Next Score View the next score

    Kongar-ol Ondar, 51; master of a vocal art

    Kongar-ol Ondar played with such artists as Frank Zappa, Paul Pena, and Bela Fleck.
    Ilya Naymushin/Reuters /File 2004
    Kongar-ol Ondar played with such artists as Frank Zappa, Paul Pena, and Bela Fleck.

    NEW YORK — Kongar-ol Ondar, an internationally renowned master of Tuvan throat singing, the Central Asian vocal art in which a singer produces two or more notes simultaneously — and which to the uninitiated sounds like the bewitching, remarkably harmonious marriage of a vacuum cleaner and a bumblebee — died on July 25 in Kyzyl, Tuva’s capital. He was 51.

    The cause was complications after surgery for a brain hemorrhage, said Sean P. Quirk, a longtime friend.

    A region in Siberia just north of Mongolia, Tuva was an independent country from 1921 until 1944, when it was annexed by the Soviet Union. The region, which has a population of about 300,000, is now part of the Russian Federation.


    Small, round and beatific, Mr. Ondar was a superstar in Tuva — “like John F. Kennedy, Elvis Presley, and Michael Jordan kind of rolled into one,” in the words of “Genghis Blues” (1999), an Oscar-nominated documentary about throat singing in which he figures prominently.

    Get Today's Headlines in your inbox:
    The day's top stories delivered every morning.
    Thank you for signing up! Sign up for more newsletters here

    His reach extended far beyond the region. Mr. Ondar performed across Europe and the United States. He made a memorable appearance, in full traditional regalia, on “Late Show With David Letterman”; sang at three Rose Parades in Pasadena, Calif.; and carried the torch through Georgia for the 1996 Olympics in Atlanta.

    Known for his captivating stage presence, he was nicknamed “the Groovin’ Tuvan” by the Western musicians with whom he played.

    Mr. Ondar’s gregarious renown — he was also a former member of the Tuvan Parliament — was all the more noteworthy in light of his gritty past. As a boy, he experienced domestic violence firsthand. As a youth, he spent nights alone in the subzero Tuvan winter. As a young man, he languished in Soviet prisons for a crime he did not commit.

    “When people see him in his beautiful clothing and hear him sing in this incredible refined style, you just assume that this guy has it all together: It’s a performance of confidence and courage and beauty,” Roko Belic, the director of “Genghis Blues,” said in an interview Thursday. “But the truth is, his youth was very troubled.”


    Belic’s documentary chronicles the obsession of a blind American blues singer, Paul Pena, with Tuvan throat singing; Pena’s successful efforts to master the art on his own; his travels in Tuva, where he wins a prestigious musical competition in 1995; and his abiding friendship with Mr. Ondar.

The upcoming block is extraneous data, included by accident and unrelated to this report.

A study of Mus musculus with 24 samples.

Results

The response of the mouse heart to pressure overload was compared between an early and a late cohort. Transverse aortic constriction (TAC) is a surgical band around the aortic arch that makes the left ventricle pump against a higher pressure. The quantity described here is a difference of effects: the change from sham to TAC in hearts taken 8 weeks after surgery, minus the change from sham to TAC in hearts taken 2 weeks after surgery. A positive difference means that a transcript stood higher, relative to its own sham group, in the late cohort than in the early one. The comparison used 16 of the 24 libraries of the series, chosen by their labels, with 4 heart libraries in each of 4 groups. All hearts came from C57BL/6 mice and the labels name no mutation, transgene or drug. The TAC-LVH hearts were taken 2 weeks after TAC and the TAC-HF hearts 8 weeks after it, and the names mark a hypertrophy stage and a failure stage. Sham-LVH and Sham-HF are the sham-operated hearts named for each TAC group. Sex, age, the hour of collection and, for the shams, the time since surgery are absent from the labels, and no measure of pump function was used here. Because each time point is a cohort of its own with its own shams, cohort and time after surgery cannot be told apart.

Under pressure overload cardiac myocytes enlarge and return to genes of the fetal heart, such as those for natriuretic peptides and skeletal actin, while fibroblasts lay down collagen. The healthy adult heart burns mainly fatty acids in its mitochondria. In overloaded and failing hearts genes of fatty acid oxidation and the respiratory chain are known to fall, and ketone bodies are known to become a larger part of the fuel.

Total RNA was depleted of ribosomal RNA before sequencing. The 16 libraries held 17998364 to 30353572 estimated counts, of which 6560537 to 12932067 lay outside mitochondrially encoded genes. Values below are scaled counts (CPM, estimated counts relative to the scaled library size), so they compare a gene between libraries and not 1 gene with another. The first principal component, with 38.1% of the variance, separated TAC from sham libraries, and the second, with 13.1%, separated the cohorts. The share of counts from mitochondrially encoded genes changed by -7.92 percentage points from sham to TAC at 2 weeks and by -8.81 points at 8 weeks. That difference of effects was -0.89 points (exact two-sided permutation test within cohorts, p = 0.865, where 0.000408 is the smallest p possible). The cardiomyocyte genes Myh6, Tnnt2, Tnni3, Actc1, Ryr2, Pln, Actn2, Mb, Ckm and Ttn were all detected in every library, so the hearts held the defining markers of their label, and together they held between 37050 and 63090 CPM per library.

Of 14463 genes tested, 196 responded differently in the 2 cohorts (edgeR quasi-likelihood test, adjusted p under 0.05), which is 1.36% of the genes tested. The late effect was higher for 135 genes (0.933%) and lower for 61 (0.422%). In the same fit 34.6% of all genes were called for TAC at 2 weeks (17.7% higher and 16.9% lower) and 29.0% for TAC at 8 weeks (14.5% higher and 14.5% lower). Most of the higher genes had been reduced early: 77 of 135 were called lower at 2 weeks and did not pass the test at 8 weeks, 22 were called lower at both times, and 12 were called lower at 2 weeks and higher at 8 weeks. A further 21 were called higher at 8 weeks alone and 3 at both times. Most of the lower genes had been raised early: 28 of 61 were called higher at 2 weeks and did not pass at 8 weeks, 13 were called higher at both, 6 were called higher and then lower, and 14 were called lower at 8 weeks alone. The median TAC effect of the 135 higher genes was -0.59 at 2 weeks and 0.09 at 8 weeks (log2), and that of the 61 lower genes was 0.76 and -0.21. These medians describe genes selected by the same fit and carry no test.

On the film’s soundtrack album, released in 2000, the two men meld their diverse musical traditions. Over the years, Mr. Ondar also performed or recorded with Frank Zappa, Willie Nelson, Mickey Hart, and the banjo virtuoso Béla Fleck.

    Through his recording, performance and teaching of classic Tuvan throat singing, he helped revitalize a tradition that had been largely extinguished during the Soviet era.

    Throat singing, also called overtone singing, is practiced in only a few parts of the world, mostly in Asia. The Tuvan variety, known as khoomei, is the most famous of all.

    Whenever someone sings a note, the column of air in the throat vibrates, producing both a fundamental tone (the note’s basic pitch) and a series of higher pitches — the overtones.


    In conventional singing, the overtones are largely inaudible, manifesting themselves as timbre. In throat singing, through careful manipulation of the mouth and throat, a vocalist can render certain overtones audible, resulting in two, three, and even four pitches at a time.

    Properly sung, khoomei sounds as though the singer has ingested a set of bagpipes, with a low drone and a high melody issuing simultaneously from the same mouth.

    Khoomei lyrics, in Tuvan, range over nature, horses and love. “We’re imitating what’s around us, the birds, the mountains, the snow, the rivers,” Mr. Ondar told The New York Times in 1999. “We sing sad songs, when we reveal what’s in our soul. We sing about love. Without love, what is life?”

    Kongar-ol Ondar was born in Iyme, in western Tuva, in 1962. He was reared partly by a stepfather who, he said, beat him often.

    “If a cow would get lost or something, Kongar-ol wouldn’t come home all night, because if he came home without the cow he’d catch hell,” said Quirk, an American who lives in Tuva.

    After a series of freezing nights on his own, young Kongar-ol made his way to the yurts of his grandparents and uncles. There, he was exposed to khoomei.

    “That became a thread that he could hold onto,” Belic said. “And it then became a string and then a rope that he could pull himself out of his situation with.”